A friend sent me an email expressing confusion at the idea of Conservative Liberalism, which is apt because it combines two frequently misused words in a confusing way. Let me offer my views/definitions of important political terms to shed some light on this. This post will almost certainly raise more questions than it answers so disagree with me in the comments!
Hayek contrasted conservatism with liberalism and socialism, though a restatement would replace socialism with interventionism. My views are roughly in line with Hayek’s on what these terms mean, with an important caveat (below).
Conservatism is a support for the status quo, and is inherently anti-radical. But that status quo is a historical phenomenon and so conservatism isn’t per se pro- or anti-liberalism. So Conservative Liberalism is possible, just not in America today.
Liberalism is almost synonymous with goodness. It’s a big concept and trying to describe it adequately requires a whole library. All forms of liberalism are essentially concerned with freedom (from the latin Liber, i.e. liberty).
Interventionism is a belief that the government can usefully intervene in society and/or the market. Be that outlawing homosexuality or regulating hotels, this view has a distinctly illiberal flavor, though it’s essentially an orthogonal concept.
Hayek describes these categories as though distinct ideal types and with good reason. There are recurrent divisions along these lines that support thinking of politics in three dimensions, and lead to the formation of three groups (libertarians, conservative Republicans, and liberal [though not classically so] Democrats in the U.S., and similar factions elsewhere). However, I think it makes more sense to think of these as dimensions than ideal types. This adds some vagueness and makes it more difficult to put people in boxes. There can be Conservative Liberals (just not following the last few increasingly illiberal decades), and modern liberals can be understood as being descendant from classical liberal. Ideally everyone would be happy with this vagueness and instead of using labels as short-hand we’d discuss these sorts of things in depth.
But alas, it’s not so easy and even three dimensions is too many for most people, so we’ve got Left and Right wings. Us versus them! Good and evil! Which puts libertarians in the awkward position of not quite fitting in with Democrats on the left or Republicans on the right. I think the Nolan Chart is a step in the right direction. It makes Libertarians (top of the chart!) equidistant from left and right, but not really centrist either. It strips out political labels and gets to the principles at hand. And it’s ahistorical so it leaves room for radicalism and conservatism.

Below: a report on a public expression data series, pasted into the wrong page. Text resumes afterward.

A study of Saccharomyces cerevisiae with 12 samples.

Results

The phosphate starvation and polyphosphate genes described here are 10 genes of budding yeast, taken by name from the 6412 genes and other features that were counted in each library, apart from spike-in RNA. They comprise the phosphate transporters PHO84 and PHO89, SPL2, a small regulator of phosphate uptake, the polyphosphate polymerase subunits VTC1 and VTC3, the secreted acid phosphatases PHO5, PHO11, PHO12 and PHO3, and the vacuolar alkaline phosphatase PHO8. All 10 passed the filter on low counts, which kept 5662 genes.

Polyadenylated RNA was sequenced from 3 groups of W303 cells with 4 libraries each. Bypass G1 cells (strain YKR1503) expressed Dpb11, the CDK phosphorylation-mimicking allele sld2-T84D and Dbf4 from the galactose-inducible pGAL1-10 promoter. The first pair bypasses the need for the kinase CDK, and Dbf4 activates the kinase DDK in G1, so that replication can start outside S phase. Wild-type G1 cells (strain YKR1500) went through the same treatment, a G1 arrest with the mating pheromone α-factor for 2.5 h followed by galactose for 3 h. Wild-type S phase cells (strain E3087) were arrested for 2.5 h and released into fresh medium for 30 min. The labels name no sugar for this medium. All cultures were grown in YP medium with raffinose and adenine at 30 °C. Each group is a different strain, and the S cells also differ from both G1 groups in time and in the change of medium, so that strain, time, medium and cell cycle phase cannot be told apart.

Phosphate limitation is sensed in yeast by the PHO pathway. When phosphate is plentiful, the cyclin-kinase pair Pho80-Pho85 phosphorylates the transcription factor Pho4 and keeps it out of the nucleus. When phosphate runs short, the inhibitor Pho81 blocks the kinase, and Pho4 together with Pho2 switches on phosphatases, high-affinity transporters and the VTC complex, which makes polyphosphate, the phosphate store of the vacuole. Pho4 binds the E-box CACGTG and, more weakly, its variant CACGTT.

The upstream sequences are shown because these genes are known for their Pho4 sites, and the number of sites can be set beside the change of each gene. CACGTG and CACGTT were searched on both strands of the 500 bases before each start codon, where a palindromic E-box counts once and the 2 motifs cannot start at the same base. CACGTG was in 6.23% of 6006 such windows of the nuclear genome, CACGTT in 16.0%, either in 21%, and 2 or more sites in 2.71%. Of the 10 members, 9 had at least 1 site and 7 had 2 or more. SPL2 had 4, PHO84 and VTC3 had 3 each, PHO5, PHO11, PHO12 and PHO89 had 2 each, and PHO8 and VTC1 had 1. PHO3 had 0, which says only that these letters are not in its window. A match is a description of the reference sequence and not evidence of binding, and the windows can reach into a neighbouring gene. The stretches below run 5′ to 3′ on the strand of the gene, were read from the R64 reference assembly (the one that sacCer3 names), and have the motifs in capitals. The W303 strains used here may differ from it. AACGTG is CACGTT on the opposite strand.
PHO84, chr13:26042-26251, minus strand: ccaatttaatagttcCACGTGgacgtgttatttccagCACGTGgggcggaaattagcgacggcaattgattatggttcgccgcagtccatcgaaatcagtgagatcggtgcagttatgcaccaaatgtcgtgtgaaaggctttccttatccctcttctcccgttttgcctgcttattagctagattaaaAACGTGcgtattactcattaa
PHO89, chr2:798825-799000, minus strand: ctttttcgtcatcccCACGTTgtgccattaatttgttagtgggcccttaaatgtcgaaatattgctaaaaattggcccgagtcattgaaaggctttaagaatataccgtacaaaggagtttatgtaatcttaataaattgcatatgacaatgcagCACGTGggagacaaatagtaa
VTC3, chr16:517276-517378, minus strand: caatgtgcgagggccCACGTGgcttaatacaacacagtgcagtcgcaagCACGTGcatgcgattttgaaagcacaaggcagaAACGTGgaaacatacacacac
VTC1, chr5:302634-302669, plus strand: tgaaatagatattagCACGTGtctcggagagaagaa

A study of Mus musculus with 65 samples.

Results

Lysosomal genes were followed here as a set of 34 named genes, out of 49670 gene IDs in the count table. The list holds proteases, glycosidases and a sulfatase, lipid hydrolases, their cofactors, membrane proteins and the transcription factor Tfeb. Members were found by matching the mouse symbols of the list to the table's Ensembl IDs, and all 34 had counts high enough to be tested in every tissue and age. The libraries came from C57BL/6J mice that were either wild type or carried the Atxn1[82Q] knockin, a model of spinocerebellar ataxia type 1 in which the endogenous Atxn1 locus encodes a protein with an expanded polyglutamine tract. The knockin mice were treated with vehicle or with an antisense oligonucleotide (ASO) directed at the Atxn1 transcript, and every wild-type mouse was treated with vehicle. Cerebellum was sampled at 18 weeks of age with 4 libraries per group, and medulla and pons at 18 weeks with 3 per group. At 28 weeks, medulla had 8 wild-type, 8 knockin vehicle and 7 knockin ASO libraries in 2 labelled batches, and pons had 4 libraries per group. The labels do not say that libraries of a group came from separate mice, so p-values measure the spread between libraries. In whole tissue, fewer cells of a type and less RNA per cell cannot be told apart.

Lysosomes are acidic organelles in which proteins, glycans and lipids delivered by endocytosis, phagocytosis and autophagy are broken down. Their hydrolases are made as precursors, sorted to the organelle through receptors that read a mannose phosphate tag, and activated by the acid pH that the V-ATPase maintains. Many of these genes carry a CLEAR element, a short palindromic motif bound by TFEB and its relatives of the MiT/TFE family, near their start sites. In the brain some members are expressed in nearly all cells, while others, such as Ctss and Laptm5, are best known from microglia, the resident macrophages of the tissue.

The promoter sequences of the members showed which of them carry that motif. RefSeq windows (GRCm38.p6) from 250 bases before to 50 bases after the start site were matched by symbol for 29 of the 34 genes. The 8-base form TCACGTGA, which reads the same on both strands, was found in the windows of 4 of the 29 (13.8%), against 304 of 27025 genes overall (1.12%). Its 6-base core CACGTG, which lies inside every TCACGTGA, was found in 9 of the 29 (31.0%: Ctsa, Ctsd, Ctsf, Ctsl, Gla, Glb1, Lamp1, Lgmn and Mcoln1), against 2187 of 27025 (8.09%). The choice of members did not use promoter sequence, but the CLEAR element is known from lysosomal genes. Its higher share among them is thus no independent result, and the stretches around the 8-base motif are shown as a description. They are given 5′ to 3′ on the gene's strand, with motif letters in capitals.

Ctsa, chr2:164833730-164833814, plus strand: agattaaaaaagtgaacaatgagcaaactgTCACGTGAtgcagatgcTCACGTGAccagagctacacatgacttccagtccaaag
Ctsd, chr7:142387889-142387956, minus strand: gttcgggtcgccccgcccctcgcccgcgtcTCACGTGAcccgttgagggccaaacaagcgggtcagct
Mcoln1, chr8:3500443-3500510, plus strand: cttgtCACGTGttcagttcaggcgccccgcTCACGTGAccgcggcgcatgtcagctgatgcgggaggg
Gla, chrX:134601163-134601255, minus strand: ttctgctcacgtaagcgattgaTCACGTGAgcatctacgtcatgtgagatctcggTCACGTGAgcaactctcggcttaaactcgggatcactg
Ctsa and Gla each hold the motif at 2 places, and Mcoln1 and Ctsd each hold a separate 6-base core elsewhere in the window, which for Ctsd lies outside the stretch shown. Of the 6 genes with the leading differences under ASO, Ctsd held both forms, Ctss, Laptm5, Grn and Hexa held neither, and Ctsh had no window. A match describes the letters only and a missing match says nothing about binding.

But then we’re left with a tricky situation because we’ve just eliminated an important dimension! And that leads to confusion when we discuss left and right because the ideas aren’t quite as simple as just particular bundles of policies, and that’s especially obvious in a two dimensional graph. If someone asks a libertarian if they’re left or right they should respond “freedom top!” and a neo-con should respond “power bottom!” I view Leftism as being an approach that is radical (i.e. anti-status quo) and Rightism as being pro-established interests. But it isn’t as simple as that either because the historical origins of the terms, and every day practice involves self-identification. The Tea Party is definitely in the Right but their views are typically radical (either radically small-government-liberal, or radically socially-conservative). There are right-wingers who are pro-market (a liberal position) and those who are pro-business (a pro-established interest position).
So what’s the solution? Libertarians would probably like to see an accurate taxonomy that accounts for a wide variety of political and moral dimensions, but left/right has adequate for many for so long. I think the Nolan Chart is a good first step to breaking this false dichotomy, but I also think that using terms like classical liberal is a good choice when it invites conversation with people who aren’t familiar with these ideas. And Conservative Liberalism? It’s a paradoxical term that would also invite discussion, but it’s irrelevant since in the current historical context, the status quo is illiberal.